Tommy Bowe with co-presenter Karen Koster

Tommy Bowe with co-presenter Karen Koster

Tommy Bowe with co-presenter Karen Koster

Tommy Bowe has said fronting a live television morning show on Virgin Media gives him a similar kick to playing international rugby.

The retired Ireland and Ulster winger (36) hung up his boots on his rugby career in 2018 to turn his attention to new challenges.

He has been co-presenting on Ireland AM for the past four months and said he's been busy "nerding-up" on his current affairs knowledge as a result.

Bowe, who's based in Belfast with wife Lucy and their children Emma (2) and 10-month-old Jamie, said many former players struggle to find a new career they feel passionate about.

"It's really something to run out in front of 80,000 people in Twickenham or the Aviva. You know you have all those eyeballs on you and you know it's live on television," he told the Herald.

"But I do still get the same kick and that little bit of adrenalin rush when I see the red light come on the camera first thing in the morning and you're waking everybody up and saying hello.


"So whenever you retire from rugby it's very hard to find where you get your kicks from any more. Where do you get your adrenalin?

"So many guys I know who I played alongside, they're working in an office and they don't find the same enjoyment as playing rugby.

"It's hard to compete with running out in the Aviva, but I definitely think that live TV ticks a huge amount of those boxes. I know I'm so lucky."

Given that rugby players earn a fraction of the money that Premier League soccer players take home, continuing to work after they retire is essential, he said.

"If you're someone who's fully engrossed in the game of rugby and suddenly it stops, through injury, it is like you're dropped off the edge of a cliff.

"It is retirement in your 20s or early 30s and you have to get your head around that.

"You're at the top of your game and you can't do it any more and you now have to try and find a new career. Will you ever get to the level of the standard you were at?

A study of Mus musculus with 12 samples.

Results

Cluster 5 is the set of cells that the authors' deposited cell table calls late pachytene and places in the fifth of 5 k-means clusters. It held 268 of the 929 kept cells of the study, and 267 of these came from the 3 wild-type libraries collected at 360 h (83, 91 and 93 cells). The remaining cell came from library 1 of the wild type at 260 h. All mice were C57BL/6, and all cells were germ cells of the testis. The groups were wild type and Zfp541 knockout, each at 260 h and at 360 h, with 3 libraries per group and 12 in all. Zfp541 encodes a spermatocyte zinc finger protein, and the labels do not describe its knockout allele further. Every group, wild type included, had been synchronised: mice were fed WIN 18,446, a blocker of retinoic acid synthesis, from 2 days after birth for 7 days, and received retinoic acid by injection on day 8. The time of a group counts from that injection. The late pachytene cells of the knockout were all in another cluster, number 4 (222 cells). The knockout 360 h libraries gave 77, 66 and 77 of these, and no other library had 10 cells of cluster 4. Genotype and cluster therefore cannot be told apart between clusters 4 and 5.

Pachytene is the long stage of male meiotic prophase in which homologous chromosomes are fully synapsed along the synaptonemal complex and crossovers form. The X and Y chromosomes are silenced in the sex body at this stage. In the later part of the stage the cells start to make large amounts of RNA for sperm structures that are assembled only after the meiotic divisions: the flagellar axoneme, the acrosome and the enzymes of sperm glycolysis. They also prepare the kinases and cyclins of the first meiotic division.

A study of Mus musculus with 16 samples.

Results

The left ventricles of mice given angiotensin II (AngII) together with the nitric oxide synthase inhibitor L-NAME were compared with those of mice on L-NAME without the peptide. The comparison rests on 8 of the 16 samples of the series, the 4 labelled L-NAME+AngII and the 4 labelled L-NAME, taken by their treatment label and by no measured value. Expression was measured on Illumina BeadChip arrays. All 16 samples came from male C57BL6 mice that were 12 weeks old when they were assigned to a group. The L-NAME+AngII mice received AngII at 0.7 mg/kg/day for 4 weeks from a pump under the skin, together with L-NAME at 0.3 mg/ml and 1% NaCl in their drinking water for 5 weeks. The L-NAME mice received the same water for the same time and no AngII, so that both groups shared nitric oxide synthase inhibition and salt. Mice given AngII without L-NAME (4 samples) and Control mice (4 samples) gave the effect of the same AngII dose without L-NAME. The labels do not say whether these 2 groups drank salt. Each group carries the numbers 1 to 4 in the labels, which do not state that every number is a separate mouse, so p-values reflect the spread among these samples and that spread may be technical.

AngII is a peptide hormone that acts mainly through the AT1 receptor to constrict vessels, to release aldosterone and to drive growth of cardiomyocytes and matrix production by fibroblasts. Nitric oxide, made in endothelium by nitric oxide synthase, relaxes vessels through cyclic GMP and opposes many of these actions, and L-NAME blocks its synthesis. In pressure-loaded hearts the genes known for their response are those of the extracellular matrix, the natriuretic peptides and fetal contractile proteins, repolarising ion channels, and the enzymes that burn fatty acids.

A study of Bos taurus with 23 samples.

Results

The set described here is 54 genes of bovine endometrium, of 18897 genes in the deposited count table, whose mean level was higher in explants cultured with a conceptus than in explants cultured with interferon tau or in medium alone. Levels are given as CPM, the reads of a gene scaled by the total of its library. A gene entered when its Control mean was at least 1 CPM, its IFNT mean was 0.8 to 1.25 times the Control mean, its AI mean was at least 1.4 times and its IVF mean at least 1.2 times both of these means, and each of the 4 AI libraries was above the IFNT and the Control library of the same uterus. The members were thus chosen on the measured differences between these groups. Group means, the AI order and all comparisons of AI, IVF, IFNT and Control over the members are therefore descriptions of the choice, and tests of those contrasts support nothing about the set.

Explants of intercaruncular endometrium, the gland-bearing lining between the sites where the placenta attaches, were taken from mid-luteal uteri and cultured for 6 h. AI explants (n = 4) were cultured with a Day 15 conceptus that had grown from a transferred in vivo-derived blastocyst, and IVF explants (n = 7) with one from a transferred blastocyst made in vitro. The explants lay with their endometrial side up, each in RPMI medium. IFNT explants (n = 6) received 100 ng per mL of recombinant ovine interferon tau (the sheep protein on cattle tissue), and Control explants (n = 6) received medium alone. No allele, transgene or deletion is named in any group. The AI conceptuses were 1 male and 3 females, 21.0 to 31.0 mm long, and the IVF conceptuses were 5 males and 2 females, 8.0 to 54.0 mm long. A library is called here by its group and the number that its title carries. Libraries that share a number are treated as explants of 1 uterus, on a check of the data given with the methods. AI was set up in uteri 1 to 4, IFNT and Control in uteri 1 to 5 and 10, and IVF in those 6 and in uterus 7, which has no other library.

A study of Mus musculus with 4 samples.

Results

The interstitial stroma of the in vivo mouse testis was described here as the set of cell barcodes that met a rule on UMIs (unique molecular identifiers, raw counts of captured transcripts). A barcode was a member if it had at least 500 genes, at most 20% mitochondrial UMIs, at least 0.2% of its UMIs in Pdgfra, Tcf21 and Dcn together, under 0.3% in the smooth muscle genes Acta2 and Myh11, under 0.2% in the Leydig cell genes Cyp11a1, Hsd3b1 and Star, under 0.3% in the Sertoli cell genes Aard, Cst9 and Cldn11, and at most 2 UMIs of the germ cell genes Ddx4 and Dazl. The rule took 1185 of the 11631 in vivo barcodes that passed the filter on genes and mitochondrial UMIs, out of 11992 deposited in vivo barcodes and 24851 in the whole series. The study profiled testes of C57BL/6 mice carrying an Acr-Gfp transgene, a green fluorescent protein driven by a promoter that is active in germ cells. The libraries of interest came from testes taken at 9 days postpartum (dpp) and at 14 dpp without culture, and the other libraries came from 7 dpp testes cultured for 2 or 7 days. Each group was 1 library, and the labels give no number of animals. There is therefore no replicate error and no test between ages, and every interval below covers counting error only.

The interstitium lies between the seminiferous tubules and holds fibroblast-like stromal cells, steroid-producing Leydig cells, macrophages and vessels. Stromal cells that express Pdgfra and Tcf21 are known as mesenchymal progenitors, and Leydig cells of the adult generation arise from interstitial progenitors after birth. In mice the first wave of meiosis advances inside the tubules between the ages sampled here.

"So it is really difficult. The majority of the guys have to go into business and go and work in a bank or an insurance company or sell medical devices. It is a real shock to the system."

He also admitted he's made plenty of bloopers since starting out, but said people seem to relate to him for that reason.


"I'm never going to be the most polished television presenter - that's just not the way I am," he said.

"I am a little bit more relaxed and I try to be myself."

Meanwhile, Virgin Media has unveiled its new spring schedule, with some major changes to its website.

Its player will feature plenty of free-to-air shows such as The Pembrokeshire Murders and the second series of The Bay as well as the new Love Island USA.

The Tonight Show, fronted by Matt Cooper and Ciara Doherty (pictured left), will go from three nights a week to four, while Ivan Yates has a new entertainment sports show starting this week.

For sports fans, Virgin Media has the rights to screen every game in the Six Nations, alongside the Champions Cup, the knock-out stages of the UEFA Champions League and the Europa League.

In March, Virgin Media is to screen the much-awaited Finding Jack Charlton, which was filmed during the last 18 months of the former Republic of Ireland manager's life. He passed away last July at the age of 85.